Does it seem possible that Nokia Corp. (NYSE: NOK) could be back in the news over a phone launch — or a phone relaunch? Isn’t this 2017 rather than 2007? It seems in the post-merger world of Alcatel-Lucent that perhaps Nokia might consider dusting off a page from its past, but this may be a page for a company named HMD, now that it has acquired the exclusive 10-year license to market Nokia phones.
This will be a blast from the past for many of the mobile phone users from back before there was a proliferation of smartphones. There is talk that a reboot of the Nokia 3310 might be coming to the market.
Before thinking of the return of pre-modern smartphones, Venture Beat’s Evan Blass reported that Finnish manufacturer HMD Global Oy, with the exclusive rights to market phones under the Nokia brand, is planning to announce several phones at the upcoming Mobile World Congress late in February. This is said to include a modernized version of the old Nokia 3310 phone.
Many smartphone users will not remember the Nokia 3310. Those phone users in their mid-to-late 30s and older will remember it. It seems unlikely that most consumers will want to return to the old brick phones, but this might be a nostalgic backup phone. Besides being an incredibly durable phone, the battery life was the envy of its time.
HMD did not formally announce the news yet, but the company said back in early January:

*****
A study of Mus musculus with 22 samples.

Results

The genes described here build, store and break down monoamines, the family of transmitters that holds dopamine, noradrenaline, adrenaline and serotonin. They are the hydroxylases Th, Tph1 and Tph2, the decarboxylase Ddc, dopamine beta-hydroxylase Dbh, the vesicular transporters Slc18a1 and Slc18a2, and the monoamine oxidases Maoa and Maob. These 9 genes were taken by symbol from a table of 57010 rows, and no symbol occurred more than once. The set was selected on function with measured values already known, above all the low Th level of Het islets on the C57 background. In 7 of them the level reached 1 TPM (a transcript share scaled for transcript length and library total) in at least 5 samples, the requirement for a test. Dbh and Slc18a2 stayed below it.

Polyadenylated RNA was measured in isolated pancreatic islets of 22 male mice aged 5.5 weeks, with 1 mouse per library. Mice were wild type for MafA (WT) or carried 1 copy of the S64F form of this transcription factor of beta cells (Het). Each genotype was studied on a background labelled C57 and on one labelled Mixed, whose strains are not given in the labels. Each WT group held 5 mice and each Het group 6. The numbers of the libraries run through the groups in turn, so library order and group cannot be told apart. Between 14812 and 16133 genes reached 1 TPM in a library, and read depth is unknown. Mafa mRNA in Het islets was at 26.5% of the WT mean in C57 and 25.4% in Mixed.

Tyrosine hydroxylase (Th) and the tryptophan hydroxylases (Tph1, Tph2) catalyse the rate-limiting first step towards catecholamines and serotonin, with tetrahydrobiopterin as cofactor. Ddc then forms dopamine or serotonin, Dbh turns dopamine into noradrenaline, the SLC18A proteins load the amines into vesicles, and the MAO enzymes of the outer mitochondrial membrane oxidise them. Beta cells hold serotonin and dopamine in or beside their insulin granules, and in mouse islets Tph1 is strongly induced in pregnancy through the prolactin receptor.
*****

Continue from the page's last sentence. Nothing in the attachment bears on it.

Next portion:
HMD is developing an exciting new consumer centric product range which will focus on innovation, quality and experience, alongside the iconic Nokia mobile phone attributes of design, robustness, and reliability.
It is important to consider that HMD is already back in the world of old phones, what now get called dumb-phones. Now maybe this product launch is not as outrageous as it seems on the surface.
There is another angle here. If Nokia has already licensed this out to HMD, it could be that Nokia receives very little going forward. If this is barely north of a $60 phone, and if its target is Europe as was suggested, how much could it matter on a licensing basis?
There is perhaps one key statistic that may matter about the Nokia 3310, although it may have to get a lot more features (like a color screen) even as a backup phone. The GSM phone launched in the year 2000, and Nokia later claimed that it had sold 126 million of those handsets on a worldwide basis over the years.
For investors thinking about Nokia, perhaps they should keep considering advanced networking products in their projections. Why does this feel like a call bring that deactivated Palm Treo phone out for that nostalgic feeling?